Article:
Brady says he didn't touch footballs after choosing themIn this Sunday, Jan. 18, 2015, photo New England Patriots quarterback Tom Brady hands the ball off during the first half of the NFL football AFC Championship game against the Indianapolis Colts in Foxborough, Mass. The NFL says its investigation into whether the New England Patriots used underinflated footballs in the AFC championship game is ongoing after a report Tuesday night. Jan. 20, 2015, claimed the league found 11 balls were not properly inflated. (AP Photo/Charles Krupa)
The NFL says its investigation into whether the New England Patriots used underinflated footballs in the AFC championship game is ongoing after a report Tuesday night claimed the league found 11 balls were not properly inflated.
Troy Vincent, the NFL's executive vice president for football operations, told The Associated Press that the ''investigation is currently underway and we're still awaiting findings.''
Vincent was responding to an ESPN report that cited anonymous league sources saying 11 of the Patriots' 12 allotted game footballs were underinflated by 2 pounds per square inch of air. ESPN did not say how that occurred.
Vincent said earlier Tuesday he expected the probe to be concluded by the end of the week. The last thing the NFL wants after a difficult season off the field is a potential cheating scandal that disrupts Super Bowl week. New England faces Seattle on Feb. 1 in Glendale, Arizona.
The Patriots, who beat Indianapolis 45-7 for the AFC title, said they were cooperating with the league, and a Seahawks spokesman said the team would defer to the league on the matter.
The NFL began looking into the issue not only because doctoring the footballs could provide a competitive advantage, but because it would compromise the integrity of the game.
Deflating a football can change the way it's gripped by a player or the way it travels through the air. Some quarterbacks and receivers prefer balls with less air or more air than the standard.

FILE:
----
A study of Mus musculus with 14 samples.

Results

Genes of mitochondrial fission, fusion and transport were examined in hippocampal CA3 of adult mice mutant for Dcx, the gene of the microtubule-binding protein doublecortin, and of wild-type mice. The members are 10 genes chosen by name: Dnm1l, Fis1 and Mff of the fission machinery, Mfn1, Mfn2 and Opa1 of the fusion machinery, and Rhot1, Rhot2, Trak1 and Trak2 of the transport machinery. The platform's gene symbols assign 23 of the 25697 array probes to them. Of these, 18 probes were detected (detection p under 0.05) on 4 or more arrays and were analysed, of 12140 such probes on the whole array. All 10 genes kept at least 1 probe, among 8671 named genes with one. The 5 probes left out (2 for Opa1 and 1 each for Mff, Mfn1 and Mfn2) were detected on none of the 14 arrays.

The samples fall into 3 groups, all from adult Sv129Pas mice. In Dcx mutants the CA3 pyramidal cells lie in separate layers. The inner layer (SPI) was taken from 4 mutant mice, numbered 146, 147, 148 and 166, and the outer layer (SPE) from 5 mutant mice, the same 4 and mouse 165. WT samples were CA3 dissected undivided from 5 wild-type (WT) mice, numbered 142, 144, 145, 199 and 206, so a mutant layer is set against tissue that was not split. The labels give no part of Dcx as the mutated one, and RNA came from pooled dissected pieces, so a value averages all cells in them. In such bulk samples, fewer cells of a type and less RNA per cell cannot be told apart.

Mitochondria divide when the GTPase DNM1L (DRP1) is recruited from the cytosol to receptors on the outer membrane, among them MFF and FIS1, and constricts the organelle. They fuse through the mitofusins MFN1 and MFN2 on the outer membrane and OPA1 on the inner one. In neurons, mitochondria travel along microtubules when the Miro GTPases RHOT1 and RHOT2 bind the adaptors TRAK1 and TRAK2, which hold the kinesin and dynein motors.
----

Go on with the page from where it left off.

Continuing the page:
Under NFL rules, each team provides balls each game for use when its offense is on the field. The balls are inspected before the game by the officiating crew, then handled during the game by personnel provided by the home team.
Social media responses were quick late Tuesday night and into Wednesday morning.
''11 of 12 balls under-inflated can anyone spell cheating!!! (hash)Just Saying'' was the tweet from Hall of Fame receiver Jerry Rice.
''So we get to play the game again or nah? ??'' tweeted Colts cornerback Darius Butler.
Packers quarterback Aaron Rodgers said on ESPN radio in Milwaukee that he didn't like how referees handle the balls. If balls come in over-inflated, the referees take some air out.
''I have a major problem with the way it goes down, to be honest with you,'' Rodgers said. ''The majority of the time, they take air out of the football. I think that, for me, is a disadvantage.''
Rodgers said referees have a set range in which they ''like to set game balls,'' and that he always liked the higher end of the range because of his grip.
''I just have a hard time throwing a flat football,'' Rodgers said. He thought a slight majority of quarterbacks like footballs on the flatter side.
''My belief is that there should be a minimum air-pressure requirement but not a maximum,'' Rodgers said. ''There's no advantage, in my opinion. We're not kicking the football. There's no advantage in having a pumped-up football.''
Patriots quarterback Tom Brady said the investigation is the least of his worries. And tight end Rob Gronkowski tweeted a photo of himself spiking the ball with the words: ''WARNING GRONKING MAY CAUSE DEFLATION.''
Patriots coach Bill Belichick on Tuesday deferred questions about the investigation, saying reporters should ask league officials. Belichick earlier said he wasn't aware there was an issue until Monday morning and promised to ''cooperate fully with whatever the league wants us to, whatever questions they ask.''
Belichick, of course, was fined $500,000 in 2007 for having an assistant spy on the New York Jets' defensive signals.
Special teams captain Matthew Slater said the Patriots ''try to do things the right way. We work hard at our jobs, our professions, to be successful and it's unfortunate that things like this come up, but that's life, that's the world we live in.''
Colts coach Chuck Pagano said he did not notice issues with the football and didn't specify when asked whether the Colts had reported the issue to officials.
''We talk just like they talk to officials (before the game),'' he said. ''We have an opportunity to talk to the officials about a lot of things.''
Patriots wide receiver Julian Edelman said the balls didn't feel different than usual.
And defensive tackle Vince Wilfork seemed amused by the matter and didn't shed any light on it.
''I don't know anything about that,'' he said. ''I don't touch footballs. I tackle people.''
AP Sports Writers Howard Ulman, Tim Booth and Genaro C. Armas contributed to this report.